Take the A Train to 190th Street. Walk about 15 minutes through the gorgeous Fort Tyron Park, following the path that winds along the Hudson River. Your reward: The Cloisters.
Today, after five years spent living just a few miles away, I finally made the trek to visit The Cloisters, a branch of the Metropolitan Museum located in northern Manhattan. And it was certainly worthwhile – particularly on a day as gorgeous as today happened to be. The museum, in all its medieval glory, is nestled inside Fort Tyron Park in the Inwood neighborhood of Manhattan. The park itself is gorgeous and immaculately maintained, and with sweeping hilltop views of the Hudson River, lush gardens, chirping birds and minimal crowds, you might for a moment forget what city you are in.
Now, I do not claim to be a lover of 12th-15th century medieval European art, which is the prized focus of The Cloisters. In fact, I know little about the subject and admit to have neared boredom after about 30 minutes inside. But as someone who is all about ambience (call me shallow) this stately structure does not disappoint. The medieval architecture (of the same time period, for those who are interested) is truly remarkable, offering a potent reminder of how enterprising and creative our ancestors were, and how completely lazy we are today… Ikea, anyone?
The maze-like construct includes a number of striking examples of unfathomable architectural ability, and the building is designed around a series of intimate courtyards – also known as cloisters, funny enough – that house trickling fountains, singing birds, plants in bloom… and the occasional child-on-a-leash. Beautiful and quite peaceful, The Cloisters is a smartly laid-out space that provides a welcome reprise from the frenetic pace of pretty much every other museum in Manhattan. The colorful gardens boast everything from medicinal herbs to poisonous flowers to your everyday root vegetable; listen in on one of the daily Garden Tours for details on how to cook up a mean veggie pottage, medieval style. If this lecture gets your gut growling, as it did mine, you might want to pop on over to the adjacent Trie Café for a more modern selection of café cuisine.
Or, maybe not.
Traveler’s tip: Before heading to The Cloisters, pack a picnic. The café inside the museum is anything but; on this busy Sunday afternoon, the café actually ran out of food. Nothing left but a few oranges and some slices of pound cake. Rapidly diminishing blood sugar levels brought an end to this museum visit, and so my friend and I ventured hungrily back into Fort Tyron Park in search of sustenance (but not without first considering that prized vegetable garden just around the corner).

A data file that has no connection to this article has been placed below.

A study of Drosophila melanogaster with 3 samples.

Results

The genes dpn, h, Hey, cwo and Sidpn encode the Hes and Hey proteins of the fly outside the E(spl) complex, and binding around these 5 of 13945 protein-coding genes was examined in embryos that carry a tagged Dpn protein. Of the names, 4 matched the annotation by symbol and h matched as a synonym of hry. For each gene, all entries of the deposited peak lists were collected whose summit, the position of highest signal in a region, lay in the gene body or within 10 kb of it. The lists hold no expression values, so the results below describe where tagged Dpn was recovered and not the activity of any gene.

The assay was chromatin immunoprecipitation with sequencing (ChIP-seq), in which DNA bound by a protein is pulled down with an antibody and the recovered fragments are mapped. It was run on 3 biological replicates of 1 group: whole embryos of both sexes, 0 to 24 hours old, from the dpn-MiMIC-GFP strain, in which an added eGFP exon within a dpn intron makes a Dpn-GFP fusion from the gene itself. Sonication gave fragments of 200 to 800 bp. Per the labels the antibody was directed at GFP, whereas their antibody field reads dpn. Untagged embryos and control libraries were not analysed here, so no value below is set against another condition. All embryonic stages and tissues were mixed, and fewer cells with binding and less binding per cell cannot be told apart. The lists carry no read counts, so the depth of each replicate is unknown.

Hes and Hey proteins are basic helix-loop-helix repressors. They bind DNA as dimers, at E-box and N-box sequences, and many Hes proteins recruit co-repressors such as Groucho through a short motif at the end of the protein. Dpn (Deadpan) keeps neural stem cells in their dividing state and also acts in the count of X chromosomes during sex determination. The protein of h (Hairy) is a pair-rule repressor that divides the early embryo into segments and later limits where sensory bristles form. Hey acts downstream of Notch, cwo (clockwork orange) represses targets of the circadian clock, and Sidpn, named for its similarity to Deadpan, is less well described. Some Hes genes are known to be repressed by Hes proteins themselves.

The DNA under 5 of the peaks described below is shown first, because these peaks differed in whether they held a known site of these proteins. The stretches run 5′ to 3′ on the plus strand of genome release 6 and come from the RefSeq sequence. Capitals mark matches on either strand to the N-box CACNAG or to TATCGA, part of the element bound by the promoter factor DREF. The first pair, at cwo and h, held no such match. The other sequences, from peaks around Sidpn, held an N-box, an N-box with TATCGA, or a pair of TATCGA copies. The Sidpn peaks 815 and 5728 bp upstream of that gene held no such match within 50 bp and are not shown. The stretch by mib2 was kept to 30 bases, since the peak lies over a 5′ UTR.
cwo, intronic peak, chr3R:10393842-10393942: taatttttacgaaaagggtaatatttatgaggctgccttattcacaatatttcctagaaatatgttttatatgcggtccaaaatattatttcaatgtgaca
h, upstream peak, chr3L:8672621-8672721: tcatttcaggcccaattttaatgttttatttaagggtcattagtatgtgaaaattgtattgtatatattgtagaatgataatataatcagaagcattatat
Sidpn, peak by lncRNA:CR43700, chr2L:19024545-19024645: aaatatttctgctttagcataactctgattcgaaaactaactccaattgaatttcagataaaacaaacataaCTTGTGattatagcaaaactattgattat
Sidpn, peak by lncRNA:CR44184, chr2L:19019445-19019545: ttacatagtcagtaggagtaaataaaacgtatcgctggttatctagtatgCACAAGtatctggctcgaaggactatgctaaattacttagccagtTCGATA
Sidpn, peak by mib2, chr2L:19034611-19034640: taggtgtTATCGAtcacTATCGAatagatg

Well, it seems as though the always-there-when-you-need-‘em hot dog and pretzel vendors that blanket New York City do not dare venture north of 125th Street. No food to be found in this park. Anywhere. We were nearing desperation, seriously contemplating whether we could crash some kid’s birthday party, when suddenly we spotted it up ahead. Like a beacon in the night, a lighthouse pulling us out of the starvation-induced fog… there was the Mister Softee truck.
Anyone who has spent a decent amount of time in New York City knows about Mister Softee: that ubiquitous white van that seems to sit on every corner of the city, playing creepy music while serving up overpriced ice cream sundaes and chocolate-dipped cones to overweight kids. I am not a huge fan of ice cream in general, and had not yet experienced Mister Softee personally. But clearly, today was the day.
As far as ice cream goes, a Mister Softee cone leaves much to be desired. In fact, it kind of sucked. But beggars can’t be choosers, and as I polished off that last miraculous trace of ice cream-drenched cone, I was grateful to acknowledge one simple and utterly reliable fact of life: when in Manhattan – anytime of the year, in any part of the borough – there will be a Mister Softee truck somewhere nearby. And it will be playing that creepy music.
And so my friends, the moral of the story is this: Visit The Cloisters. And if you dislike bad soft-serve as much as I do, take food.